Yep, it’s time for another blurring of the edges. While the eponymous gangsters in Quentin Tarantino’s Reservoir Dogs (1992) are never referred to as such in the film, they have the same pack mentality as their canine cousins. From the opening scenes to its bullet-riddled finale, writer-director Tarantino’s caper gone awry is a study in male bonding and vicious rivalry.
Vying for the position of alpha dog is Vic Vega (Michael Madsen) a.k.a. Mister Blonde. Vic is a career criminal whose loyalty to the Cabot Crime Family goes largely unquestioned. Fresh off a four year prison stretch in which he said not a word about the Cabots, the diamond heist would be Vega’s first “real job” back in the free world. Something must have happened to Vic in prison, however, a psychotic break perhaps, because the moment the heist goes pear-shaped, he begins executing hostages with ruthless efficiency, an act that disturbs his fellow criminals and becomes a point of no return for all.
“It’s amusing… to me… to torture a cop. You can say anything you want, ’cause I’ve heard it all before. All you can do is pray for a quick death… which… you ain’t gonna get.”
— Mr. Blonde
The most infamous Mister Blonde scene is the torture of Marvin Nash (Kirk Baltz), a cop taken hostage to effect Blonde’s escape from the robbery gone wrong. Baltz had a handful of screen credits prior to Dogs and appeared in the Tarantino-written Natural Born Killers in a minor role. He has done some work in DC Comics-related projects, including an appearance in The Flash television series, a recurring role on the original Human Target television series starring Rick Springfield, and the distinction of being the only person to play a live-action version of Batman villain Clayface on the sadly short-lived television series Birds of Prey.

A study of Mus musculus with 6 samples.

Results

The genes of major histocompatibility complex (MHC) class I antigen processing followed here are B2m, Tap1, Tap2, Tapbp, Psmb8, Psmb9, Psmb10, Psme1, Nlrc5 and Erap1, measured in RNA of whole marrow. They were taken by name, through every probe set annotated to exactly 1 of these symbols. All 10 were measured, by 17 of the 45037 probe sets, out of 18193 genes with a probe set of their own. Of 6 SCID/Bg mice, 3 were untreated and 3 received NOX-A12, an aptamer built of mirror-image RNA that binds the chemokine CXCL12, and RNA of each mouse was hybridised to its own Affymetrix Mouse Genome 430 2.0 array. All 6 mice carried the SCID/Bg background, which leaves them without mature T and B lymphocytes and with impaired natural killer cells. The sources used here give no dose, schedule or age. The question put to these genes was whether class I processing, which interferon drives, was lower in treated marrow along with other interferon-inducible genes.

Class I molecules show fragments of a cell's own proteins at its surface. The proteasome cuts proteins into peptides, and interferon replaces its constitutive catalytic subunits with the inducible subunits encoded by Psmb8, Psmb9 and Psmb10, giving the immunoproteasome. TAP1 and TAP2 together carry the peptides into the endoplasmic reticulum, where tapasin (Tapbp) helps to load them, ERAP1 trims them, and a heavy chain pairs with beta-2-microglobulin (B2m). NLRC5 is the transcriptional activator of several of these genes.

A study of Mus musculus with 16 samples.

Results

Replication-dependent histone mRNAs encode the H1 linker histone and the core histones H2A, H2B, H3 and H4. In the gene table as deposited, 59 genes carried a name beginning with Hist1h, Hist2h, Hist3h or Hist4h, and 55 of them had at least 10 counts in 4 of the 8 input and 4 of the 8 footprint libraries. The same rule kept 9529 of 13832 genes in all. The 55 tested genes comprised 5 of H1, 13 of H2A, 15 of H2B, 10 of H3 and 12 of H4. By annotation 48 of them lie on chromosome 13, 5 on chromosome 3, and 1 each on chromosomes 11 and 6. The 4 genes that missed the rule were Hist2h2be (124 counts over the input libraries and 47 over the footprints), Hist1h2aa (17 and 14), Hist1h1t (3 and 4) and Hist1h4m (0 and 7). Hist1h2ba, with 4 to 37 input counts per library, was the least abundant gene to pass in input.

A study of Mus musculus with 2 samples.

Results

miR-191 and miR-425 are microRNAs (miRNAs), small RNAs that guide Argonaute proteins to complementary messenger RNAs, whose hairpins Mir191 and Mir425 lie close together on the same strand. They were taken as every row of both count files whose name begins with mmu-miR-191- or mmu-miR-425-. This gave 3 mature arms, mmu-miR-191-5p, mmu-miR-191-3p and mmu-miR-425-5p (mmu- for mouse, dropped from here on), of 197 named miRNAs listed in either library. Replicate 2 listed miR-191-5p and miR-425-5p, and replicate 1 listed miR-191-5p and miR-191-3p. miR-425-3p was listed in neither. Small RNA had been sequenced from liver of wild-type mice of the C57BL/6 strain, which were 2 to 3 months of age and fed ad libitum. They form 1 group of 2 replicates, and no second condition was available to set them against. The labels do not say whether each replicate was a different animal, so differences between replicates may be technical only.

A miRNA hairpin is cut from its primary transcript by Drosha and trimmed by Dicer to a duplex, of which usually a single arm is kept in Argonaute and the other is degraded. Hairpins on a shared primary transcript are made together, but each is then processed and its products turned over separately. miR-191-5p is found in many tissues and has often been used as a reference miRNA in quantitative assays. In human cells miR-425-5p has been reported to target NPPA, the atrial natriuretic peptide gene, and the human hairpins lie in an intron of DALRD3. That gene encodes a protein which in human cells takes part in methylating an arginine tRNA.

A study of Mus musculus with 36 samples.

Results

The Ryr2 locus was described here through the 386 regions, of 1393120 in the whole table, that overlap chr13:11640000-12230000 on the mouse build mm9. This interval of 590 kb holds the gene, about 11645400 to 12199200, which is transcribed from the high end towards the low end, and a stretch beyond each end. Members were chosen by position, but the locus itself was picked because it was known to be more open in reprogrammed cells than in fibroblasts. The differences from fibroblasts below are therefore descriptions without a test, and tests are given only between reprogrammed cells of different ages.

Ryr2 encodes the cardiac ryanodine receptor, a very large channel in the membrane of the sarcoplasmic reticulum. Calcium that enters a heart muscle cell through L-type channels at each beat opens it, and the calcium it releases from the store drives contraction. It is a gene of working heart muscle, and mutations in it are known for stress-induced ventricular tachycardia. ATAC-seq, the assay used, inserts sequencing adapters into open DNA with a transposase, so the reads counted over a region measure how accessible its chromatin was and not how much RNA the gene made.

An ad-lib by Kirk Baltz during the torture scene reportedly stopped Michael Madsen in his cowboy booted tracks. Filmed only a year or two after the birth of his oldest son, Christian, the sputtering plea “I’ve got a little kid at home,” hit particularly close to home.
But Madsen wasn’t the only person put off by the intensity of the scene. During a screening in Barcelona, fifteen people walked out, including iconic horror director Wes Craven and special effects legend Rick Baker. Baker would later tell Tarantino that the heightened realism of the violence unnerved him and that Quentin should take it as a compliment.
“You ever listen to K-Billy’s Super Sounds of the Seventies? It’s my personal favorite.” — Mr. Blonde
With Reservoir Dogs, Quentin Tarantino began his trend of using diegetic (source) music effectively and often ironically. In this specific example, Mister Blonde turns on the radio and tunes in K-Billy’s Super Sounds of the Seventies. As deadpan DJ Steven Wright explains “Joe Egan and Gerry Rafferty were a duo known as Stealers Wheel when they recorded this Dylanesque pop bubblegum favorite from April of 1974 that reached up to number five as K-Billy’s Super Sounds of the Seventies continues.”
Released on their self-titled debut album in 1972, “Stuck in the Middle with You” was initially intended to be a parody of Bob Dylan’s distinctive style. The “clowns to the left” and “jokers to the right” mentioned in the lyrics refer to a meeting Egan and Rafferty had with record company executives and producers at a restaurant in which they were mere bystanders to the negotations. A series of line-up changes, financial woes for their songwriter/producers, and tension between Egan and Rafferty resulted in Stealers Wheel disintegrating before the 1975 release of their third album. At least, by all reports, it didn’t end in a Mexican stand-off.
With this scene, Tarantino changed the way people would perceive the otherwise innocuous song forever. Madsen would return to the Tarantinoverse in Kill Bill (2003-2004) as Budd (Sidewinder), the sole male member of the Deadly Viper Assassination Squad. Only Michael Madsen provided his voice and likeness for the lackluster 2006 video game based on Reservoir Dogs, a dubious distinction.
If you have the stomach, check out the original infamous scene below, and let me know if this little doggie’s bite lives up to his bark. Cheers!
“Was that as good for you as it was for me?” — Mr. Blonde
We may no longer be in the literal “Dog Days of Summer”, but we’re still going to “let the dogs out” two more times as we count down “A Dozen Diabolical Dogs”. I hope you’ll join us.